Upgrades to the tracks improve reliability and efficiency of train
When the track layout around Union Station was designed, the emphasis
was on moving intercity long-distance passenger trains and freight.
Those requirements have largely been replaced by the need to move
commuters in and out of downtown Toronto. While the total number of
station tracks remain the same, tracks were reconfigured to reduce the
amount of switching between tracks to help increase capacity and speed
through the corridor.
As part of the renewal program, track and switches were upgraded to
improve reliability by allowing trains to move from one track to another
at faster speeds, providing a more seamless passage through Canada's
busiest rail corridor.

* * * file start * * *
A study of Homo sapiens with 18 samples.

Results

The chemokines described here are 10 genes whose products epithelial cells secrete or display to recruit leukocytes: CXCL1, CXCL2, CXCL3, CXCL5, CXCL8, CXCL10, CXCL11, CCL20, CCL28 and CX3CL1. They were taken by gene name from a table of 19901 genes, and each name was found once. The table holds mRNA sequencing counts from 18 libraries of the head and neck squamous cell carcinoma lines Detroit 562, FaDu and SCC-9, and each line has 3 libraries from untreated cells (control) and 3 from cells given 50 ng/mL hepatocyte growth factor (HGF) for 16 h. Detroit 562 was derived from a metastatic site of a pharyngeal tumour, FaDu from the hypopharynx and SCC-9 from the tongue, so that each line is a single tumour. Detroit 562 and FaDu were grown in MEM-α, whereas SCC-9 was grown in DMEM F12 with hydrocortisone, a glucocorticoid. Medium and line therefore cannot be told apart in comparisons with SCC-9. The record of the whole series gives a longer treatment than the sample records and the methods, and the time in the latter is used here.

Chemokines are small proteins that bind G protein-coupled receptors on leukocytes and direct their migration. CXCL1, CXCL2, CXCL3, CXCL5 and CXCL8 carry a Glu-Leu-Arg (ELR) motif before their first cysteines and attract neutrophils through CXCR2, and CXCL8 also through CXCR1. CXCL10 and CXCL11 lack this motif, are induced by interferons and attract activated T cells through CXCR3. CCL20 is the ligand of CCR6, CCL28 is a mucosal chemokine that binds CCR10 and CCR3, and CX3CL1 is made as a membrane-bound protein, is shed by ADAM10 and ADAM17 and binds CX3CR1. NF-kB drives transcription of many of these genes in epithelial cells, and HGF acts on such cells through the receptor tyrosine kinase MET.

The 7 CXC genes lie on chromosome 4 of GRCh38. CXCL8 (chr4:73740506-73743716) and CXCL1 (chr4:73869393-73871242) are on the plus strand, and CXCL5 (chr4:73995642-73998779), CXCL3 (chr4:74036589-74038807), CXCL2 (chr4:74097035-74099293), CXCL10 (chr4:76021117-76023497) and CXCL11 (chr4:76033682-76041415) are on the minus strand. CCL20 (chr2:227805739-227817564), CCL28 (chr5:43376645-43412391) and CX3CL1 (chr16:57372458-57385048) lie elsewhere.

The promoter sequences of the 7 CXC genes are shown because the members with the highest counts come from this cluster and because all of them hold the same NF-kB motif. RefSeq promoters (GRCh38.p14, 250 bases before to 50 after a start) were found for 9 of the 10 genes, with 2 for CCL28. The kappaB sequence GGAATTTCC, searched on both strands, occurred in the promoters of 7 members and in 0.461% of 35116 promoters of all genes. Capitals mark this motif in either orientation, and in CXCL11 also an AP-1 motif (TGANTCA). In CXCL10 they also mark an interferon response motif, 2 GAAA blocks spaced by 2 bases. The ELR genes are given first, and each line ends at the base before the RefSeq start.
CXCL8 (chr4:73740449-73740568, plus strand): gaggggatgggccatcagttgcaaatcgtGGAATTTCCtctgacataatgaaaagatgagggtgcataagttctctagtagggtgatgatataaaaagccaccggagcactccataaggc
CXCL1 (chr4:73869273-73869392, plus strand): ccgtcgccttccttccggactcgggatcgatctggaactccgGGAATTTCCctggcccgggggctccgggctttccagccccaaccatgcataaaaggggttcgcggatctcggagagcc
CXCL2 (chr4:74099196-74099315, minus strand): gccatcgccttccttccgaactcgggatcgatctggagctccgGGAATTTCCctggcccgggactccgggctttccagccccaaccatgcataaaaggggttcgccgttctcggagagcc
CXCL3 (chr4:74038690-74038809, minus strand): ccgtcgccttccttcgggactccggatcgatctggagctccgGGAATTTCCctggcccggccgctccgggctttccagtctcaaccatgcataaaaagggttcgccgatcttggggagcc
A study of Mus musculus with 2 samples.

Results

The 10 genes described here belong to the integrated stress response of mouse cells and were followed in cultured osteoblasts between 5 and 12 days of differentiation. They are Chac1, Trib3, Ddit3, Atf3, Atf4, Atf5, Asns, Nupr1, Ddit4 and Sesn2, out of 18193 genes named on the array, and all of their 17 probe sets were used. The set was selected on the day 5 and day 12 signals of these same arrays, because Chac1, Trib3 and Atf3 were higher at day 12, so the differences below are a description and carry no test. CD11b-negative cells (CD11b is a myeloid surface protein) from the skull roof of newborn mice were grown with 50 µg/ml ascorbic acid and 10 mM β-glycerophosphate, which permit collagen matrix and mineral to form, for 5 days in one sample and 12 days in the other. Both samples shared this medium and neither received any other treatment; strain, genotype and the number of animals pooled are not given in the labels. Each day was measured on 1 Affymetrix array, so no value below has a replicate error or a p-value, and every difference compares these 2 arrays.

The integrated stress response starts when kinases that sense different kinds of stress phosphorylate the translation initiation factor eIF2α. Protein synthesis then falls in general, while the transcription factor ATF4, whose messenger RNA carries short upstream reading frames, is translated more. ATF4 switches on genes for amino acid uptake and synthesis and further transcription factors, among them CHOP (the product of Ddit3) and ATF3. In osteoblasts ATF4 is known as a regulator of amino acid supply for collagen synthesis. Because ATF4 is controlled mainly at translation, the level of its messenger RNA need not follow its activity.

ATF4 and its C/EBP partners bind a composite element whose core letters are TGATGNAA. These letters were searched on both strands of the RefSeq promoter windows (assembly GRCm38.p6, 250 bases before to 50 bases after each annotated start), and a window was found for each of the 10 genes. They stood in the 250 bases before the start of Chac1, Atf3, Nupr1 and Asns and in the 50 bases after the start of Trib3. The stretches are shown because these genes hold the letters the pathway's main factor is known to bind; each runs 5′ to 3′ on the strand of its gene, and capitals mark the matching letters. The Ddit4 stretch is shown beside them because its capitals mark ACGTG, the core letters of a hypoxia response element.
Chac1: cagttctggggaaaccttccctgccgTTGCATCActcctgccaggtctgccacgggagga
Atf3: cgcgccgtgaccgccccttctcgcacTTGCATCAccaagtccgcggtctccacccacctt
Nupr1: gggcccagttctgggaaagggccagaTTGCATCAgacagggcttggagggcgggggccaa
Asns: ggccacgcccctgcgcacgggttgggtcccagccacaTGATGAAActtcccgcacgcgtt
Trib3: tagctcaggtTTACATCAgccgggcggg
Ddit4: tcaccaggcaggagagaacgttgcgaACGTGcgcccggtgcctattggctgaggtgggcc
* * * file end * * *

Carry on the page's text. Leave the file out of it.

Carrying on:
Over 100 switches were replaced over a six year
period, with 2012 being the final year of the program. The installation
and testing of a single switch is an around-the-clock operation, started
after the Friday night rush and ending just before the Monday morning
operations start up.
New track in the “fly-under” west of Union Station
The main objective of this project was to build a third main track
through the fly-under (tunnel) west of Union Station, providing an
additional route from the Kitchener and Lakeshore West corridors
through to Union Station. This provides additional capacity on the west
approach to Union Station for growth in train service, provide more
routing options, and to help lessen the impact of train delays.
Construction of the new, third track required new retaining walls
leading to the fly-under, along with grading and drainage work.
COMPLETED: May 2013
Union Pearson (UP) Express
Work began during Summer 2013 to add new track and signals from the
"fly-under" (at Bathurst Yard) on the north side of the corridor to the
west side of Union Station. This installation will facilitate the
introduction of Union Pearson Express in 2015.